A new study by Climate Trends assesses the comprehensiveness of all state EV policies based on the various incentives they offer and draws a comparison among all policies to facilitate peer-to-peer learning. It also assesses the impact of state policies that have been active for two years or more.
Of the 36 states and union territories in the country, 26 have released EV policies over the last five years, with 16 of them released between 2020 and 2022. Eight states (Andhra Pradesh, Bihar, Karnataka, Kerala, Madhya Pradesh, Tamil Nadu, Telangana, and Delhi) released their policies before October 2020, and have policies in circulation for two years or more.
“With e-mobility expansion placed as one of the key pillars in achieving faster decarbonization across the country, the success of state EV policies is both significant and necessary for India’s carbon reduction goals. It is a good sign that the majority of Indian states have EV policies, however, a successful transition to zero-emission transport depends on the effectiveness of their design and implementation. It also depends on having a national transport electrification target, which currently doesn’t exist in India,” said Aarti Khosla, Director of Climate Trends.
The study shows that few state policies have comprehensive designs which balance EV sales, manufacturing, and overall ecosystem growth. There are gaps in implementation, leading to slower on-ground impact, which needs to be addressed through better regulation, improved monitoring, mechanisms, and capacity building of stakeholders across the policy value chain.
The report has defined 21 parameters across demand and supply side incentives, mandates for charging and fleet electrification, focus on battery recycling, skill development, job creation, etc.
It finds Maharashtra, Haryana, Delhi, and Uttar Pradesh have the widest range of parameters (13-15) included in their policies, making them the most comprehensive policies.
Arunachal Pradesh, Manipur, Himachal Pradesh, Ladakh, Kerala, and Uttarakhand have the least comprehensive policies with only 3-7 defined parameters included.
Delhi, Odisha, Bihar, Chandigarh, and Andaman & Nicobar have the widest range of demand-side incentives for consumers, including road tax and registration fee exemption, subsidy on the upfront cost of 2-, 3-, 4-wheelers and buses in addition to FAME II, retrofitment or scrappage incentives, and electricity tariff incentives for charging.
Andhra Pradesh, Arunachal Pradesh, Manipur, Karnataka, Himachal Pradesh, Gujarat, Madhya Pradesh, Tamil Nadu, and Kerala offer only one or two demand-side incentives.
Tamil Nadu, Haryana, and Andhra Pradesh have the strongest supply-side incentives, with special support to boost EV manufacturing, apart from incentives offered in the state’s industrial policy.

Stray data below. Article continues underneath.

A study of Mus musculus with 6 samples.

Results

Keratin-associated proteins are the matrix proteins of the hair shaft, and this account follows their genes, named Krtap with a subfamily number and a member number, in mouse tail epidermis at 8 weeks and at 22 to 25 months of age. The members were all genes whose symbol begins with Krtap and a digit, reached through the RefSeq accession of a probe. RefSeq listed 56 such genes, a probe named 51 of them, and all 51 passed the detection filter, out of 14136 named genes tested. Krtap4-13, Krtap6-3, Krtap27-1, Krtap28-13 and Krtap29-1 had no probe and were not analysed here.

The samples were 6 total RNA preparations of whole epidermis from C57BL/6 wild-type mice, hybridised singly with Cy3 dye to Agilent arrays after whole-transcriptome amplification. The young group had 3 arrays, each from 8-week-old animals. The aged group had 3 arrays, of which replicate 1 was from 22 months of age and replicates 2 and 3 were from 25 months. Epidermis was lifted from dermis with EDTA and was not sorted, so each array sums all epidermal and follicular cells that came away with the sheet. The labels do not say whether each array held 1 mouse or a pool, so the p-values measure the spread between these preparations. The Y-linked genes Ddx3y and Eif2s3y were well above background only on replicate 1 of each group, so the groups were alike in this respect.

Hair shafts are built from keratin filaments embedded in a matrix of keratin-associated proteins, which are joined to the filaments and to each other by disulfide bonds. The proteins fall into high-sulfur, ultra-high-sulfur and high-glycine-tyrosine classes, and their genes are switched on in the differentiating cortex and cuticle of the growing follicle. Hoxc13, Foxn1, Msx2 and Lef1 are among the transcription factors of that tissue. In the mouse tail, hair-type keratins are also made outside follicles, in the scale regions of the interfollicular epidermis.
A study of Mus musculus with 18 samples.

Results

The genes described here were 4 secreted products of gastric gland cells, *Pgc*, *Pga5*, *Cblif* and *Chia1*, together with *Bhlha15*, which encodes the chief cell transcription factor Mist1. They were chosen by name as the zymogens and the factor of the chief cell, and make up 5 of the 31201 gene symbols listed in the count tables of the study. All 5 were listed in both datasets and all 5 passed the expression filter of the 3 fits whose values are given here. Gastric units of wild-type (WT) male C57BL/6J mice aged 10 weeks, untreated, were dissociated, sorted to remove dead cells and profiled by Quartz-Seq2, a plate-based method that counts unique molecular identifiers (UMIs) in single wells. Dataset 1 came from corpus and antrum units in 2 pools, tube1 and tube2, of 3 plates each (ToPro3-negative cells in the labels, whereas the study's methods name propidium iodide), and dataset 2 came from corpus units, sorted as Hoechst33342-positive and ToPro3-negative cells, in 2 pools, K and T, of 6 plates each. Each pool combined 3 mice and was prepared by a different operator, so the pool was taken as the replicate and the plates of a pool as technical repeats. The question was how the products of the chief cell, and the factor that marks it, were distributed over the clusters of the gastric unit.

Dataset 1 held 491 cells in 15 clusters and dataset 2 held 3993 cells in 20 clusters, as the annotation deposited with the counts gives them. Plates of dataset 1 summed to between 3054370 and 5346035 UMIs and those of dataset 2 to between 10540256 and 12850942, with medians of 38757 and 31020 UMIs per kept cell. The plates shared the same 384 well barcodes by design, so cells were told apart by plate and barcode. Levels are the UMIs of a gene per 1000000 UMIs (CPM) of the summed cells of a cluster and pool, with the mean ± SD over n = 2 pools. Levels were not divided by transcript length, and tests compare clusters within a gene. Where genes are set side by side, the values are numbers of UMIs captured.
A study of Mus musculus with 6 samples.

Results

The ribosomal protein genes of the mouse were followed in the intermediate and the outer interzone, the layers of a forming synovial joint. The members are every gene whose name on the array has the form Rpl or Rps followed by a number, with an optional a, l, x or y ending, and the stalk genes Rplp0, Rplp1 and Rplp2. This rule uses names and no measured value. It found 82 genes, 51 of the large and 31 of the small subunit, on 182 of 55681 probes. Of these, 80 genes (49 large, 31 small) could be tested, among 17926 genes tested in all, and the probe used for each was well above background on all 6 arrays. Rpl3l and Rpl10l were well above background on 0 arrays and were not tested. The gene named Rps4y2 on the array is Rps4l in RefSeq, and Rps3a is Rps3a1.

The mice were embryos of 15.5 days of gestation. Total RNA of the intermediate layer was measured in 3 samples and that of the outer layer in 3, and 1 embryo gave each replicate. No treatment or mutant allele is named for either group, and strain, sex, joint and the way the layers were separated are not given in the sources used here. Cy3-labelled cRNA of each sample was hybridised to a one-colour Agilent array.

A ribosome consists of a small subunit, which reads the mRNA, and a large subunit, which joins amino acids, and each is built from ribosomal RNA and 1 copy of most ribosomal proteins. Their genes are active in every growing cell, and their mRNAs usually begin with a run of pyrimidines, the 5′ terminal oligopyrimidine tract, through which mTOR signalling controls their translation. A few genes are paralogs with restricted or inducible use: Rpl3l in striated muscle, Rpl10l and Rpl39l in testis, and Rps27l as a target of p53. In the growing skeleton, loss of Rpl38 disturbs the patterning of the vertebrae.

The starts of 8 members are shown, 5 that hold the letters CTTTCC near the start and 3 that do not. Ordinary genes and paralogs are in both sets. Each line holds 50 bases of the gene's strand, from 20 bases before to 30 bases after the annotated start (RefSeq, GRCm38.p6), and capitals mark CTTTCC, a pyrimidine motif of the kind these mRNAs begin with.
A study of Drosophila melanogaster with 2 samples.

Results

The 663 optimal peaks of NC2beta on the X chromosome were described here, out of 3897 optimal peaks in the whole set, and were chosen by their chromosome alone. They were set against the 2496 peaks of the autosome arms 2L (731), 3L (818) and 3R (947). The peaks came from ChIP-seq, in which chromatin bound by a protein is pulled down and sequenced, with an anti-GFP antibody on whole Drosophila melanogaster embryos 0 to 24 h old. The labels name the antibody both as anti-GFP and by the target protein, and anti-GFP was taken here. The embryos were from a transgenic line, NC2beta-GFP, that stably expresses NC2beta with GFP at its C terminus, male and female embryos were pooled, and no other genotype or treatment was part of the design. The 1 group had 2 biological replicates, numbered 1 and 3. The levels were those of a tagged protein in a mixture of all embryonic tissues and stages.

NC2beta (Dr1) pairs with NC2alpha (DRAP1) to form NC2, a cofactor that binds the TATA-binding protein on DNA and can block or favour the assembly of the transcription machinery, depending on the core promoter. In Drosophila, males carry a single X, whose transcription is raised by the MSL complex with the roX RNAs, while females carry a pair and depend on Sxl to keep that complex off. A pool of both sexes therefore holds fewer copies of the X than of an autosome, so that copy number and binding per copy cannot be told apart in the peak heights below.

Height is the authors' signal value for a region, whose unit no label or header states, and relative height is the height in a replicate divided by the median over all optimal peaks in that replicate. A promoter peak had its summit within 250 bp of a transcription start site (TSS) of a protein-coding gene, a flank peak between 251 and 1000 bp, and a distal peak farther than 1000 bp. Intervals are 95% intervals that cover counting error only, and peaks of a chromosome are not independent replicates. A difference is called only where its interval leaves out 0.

Only nine states have mandated the creation of charging infrastructure in new residential buildings, offices, parking lots, malls, etc. These include Chandigarh, West Bengal, Andhra Pradesh, Tamil Nadu, Odisha, Delhi, Maharashtra, Meghalaya, and Ladakh.
Impact of state policies
The study finds that none of the eight states where policies have been active for two years or more is on track to meet their targets of EV penetration, charging infrastructure, or investments.
Madhya Pradesh aims for 25% of all newly registered vehicles to be electric by 2026, but its current penetration stands at 2.2% of total vehicle sales since the policy launch.
Delhi’s EV penetration stands at 7.2% against its target of 25% by 2024. Tamil Nadu has no defined target but EV penetration is a mere 2.02% of registered vehicles.
Across all 8 states, penetration of electric buses is far below policy targets. Tamil Nadu aims for 5% of buses to be electric but has no e-buses on the ground yet. Kerala aims for 6,000 buses by 2025 but has only 56 on the ground.
Delhi, with the highest charging stations and points, has only made it to 9.6% of its 2024 target of having 30,000 charging stations.
The report recommends states reassess their policy designs to make them more comprehensive and well-balanced for the growth of EV sales and the overall EV ecosystem, as well as have a longer-term vision till 2030.
It also recommends a greater focus on fleet electrification through mandates for cab aggregators, last-mile delivery services, and e-commerce companies.
Electrification of public transport will be key for zero emissions transport, and all policies must build mechanisms to achieve their bus electrification targets.
And finally, the lack of on-ground progress in policies active for two years or more, highlights the need for monitoring policy implementation, to achieve greater impact, and recognize opportunities to course correct and revise policies.